I feel somewhat embarrassed to admit this, but I best remember Clement Freud not for his being a politician, or a liaison officer during the Nuremberg trials or even as an entrepreneur/chef, but for his appearance in dog food commercials.
I remember vividly seeing him and his long-faced dog Henry – the pair looking remarkably alike – understatedly selling dog food on our screens. And he apparently wrote his own scripts for those ads, which perhaps explains why they were deadpan and witty.
However, as we heard last night during this Time Shift film – which was in effect a memorial to Freud, who sadly died in April this year – he was a man who’d experienced a great deal in his life. The grandson of Sigmund Freud, we heard some lovely tales of his experiences with his infamous granddad, including one incident when he first experienced “people watching”.
Sigmund and Clement watched as a man on the street had an epileptic fit. They observed that some people threw coins at the man in a fit of some kind of charity – or perhaps guilt for not actually physically helping him – while others ignored the man and yet more passed by, only glancing at the spectacle.
When the young Clement asked his grandfather why most people didn’t throw money at the man or even stop to help, Sigmund wittily replied, “Because he wasn’t doing it well enough.”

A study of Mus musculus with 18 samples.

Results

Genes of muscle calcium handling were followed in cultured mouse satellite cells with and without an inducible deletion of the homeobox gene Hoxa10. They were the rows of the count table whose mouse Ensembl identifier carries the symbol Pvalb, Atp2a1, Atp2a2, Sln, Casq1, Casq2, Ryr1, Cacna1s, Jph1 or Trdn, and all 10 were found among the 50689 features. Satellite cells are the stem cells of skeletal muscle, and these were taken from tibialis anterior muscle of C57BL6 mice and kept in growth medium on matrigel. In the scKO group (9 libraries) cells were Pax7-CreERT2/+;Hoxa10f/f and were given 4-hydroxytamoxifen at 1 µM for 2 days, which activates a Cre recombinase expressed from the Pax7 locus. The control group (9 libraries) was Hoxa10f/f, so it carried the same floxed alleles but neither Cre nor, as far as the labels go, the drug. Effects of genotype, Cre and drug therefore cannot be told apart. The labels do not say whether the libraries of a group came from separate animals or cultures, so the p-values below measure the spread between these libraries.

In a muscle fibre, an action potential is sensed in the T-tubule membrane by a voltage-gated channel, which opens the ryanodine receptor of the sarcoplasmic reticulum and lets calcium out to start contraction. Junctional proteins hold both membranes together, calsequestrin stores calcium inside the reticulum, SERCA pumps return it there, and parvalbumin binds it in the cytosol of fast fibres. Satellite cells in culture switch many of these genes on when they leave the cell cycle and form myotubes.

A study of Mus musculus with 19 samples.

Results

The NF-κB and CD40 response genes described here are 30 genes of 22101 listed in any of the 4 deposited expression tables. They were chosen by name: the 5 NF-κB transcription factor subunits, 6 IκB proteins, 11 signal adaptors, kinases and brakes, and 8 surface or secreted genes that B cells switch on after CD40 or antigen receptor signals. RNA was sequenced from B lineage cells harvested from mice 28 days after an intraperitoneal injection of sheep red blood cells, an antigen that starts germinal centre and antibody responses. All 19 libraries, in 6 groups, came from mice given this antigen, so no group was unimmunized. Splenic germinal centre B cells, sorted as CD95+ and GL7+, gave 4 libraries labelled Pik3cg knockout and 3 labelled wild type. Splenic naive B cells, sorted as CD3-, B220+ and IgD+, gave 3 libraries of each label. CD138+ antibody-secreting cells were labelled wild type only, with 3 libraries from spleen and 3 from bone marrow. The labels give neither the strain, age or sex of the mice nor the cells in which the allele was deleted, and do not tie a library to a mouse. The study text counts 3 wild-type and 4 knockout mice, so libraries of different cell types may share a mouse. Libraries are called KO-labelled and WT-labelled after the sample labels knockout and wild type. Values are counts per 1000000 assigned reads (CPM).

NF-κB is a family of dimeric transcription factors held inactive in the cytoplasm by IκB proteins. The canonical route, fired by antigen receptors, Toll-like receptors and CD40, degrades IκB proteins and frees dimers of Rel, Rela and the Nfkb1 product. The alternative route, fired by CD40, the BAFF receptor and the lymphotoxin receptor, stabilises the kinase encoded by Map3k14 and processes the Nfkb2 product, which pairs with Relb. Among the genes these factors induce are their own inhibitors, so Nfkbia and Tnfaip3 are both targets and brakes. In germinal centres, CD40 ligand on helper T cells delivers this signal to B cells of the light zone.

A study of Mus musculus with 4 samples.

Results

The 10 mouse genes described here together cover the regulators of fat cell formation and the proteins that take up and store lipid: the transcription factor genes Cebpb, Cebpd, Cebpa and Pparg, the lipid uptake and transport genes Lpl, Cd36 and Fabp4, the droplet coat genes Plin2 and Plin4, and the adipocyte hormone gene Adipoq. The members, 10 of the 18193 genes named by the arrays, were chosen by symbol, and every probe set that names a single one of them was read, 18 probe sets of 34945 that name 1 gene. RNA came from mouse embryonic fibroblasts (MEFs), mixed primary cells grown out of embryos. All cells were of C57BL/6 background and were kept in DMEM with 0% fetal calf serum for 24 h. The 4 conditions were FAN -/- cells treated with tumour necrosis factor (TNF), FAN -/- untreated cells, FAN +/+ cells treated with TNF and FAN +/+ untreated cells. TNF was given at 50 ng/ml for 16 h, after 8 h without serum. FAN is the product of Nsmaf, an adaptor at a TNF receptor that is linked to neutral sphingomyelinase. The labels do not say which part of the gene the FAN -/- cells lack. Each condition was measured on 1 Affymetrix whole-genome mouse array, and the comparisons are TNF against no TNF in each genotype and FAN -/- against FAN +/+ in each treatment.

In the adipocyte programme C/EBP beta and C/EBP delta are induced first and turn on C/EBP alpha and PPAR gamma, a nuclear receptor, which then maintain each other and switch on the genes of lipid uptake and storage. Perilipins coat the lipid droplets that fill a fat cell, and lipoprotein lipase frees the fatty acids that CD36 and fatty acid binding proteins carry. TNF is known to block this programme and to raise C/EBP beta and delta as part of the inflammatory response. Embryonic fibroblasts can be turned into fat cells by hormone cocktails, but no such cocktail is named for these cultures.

Clement was an extremely intelligent man who had a world view of people that is perhaps something of an exclusive club, spawned arguably by his grandfather’s unique and revolutionary take on the psyche. But Clement never claimed to have Sigmund’s ability to ‘read’ people, but his people skills did see him become famous.
He began his working life as a commis chef at the Dorchester, but by the end of his long career, he’d been an MP, a columnist, an author and, as I mentioned earlier, an officer at the Nuremberg trials.
This documentary was literally in Freud’s own words, and was made all the more valuable for that. His anecdotes and jokes were often extremely funny; he brought a certain panache to even toilet humour.
The archive footage and personal reminiscences were a pleasure to watch and this was definitely a fitting memorial to the man. If you missed it, you can catch it on BBC’s iPlayer here.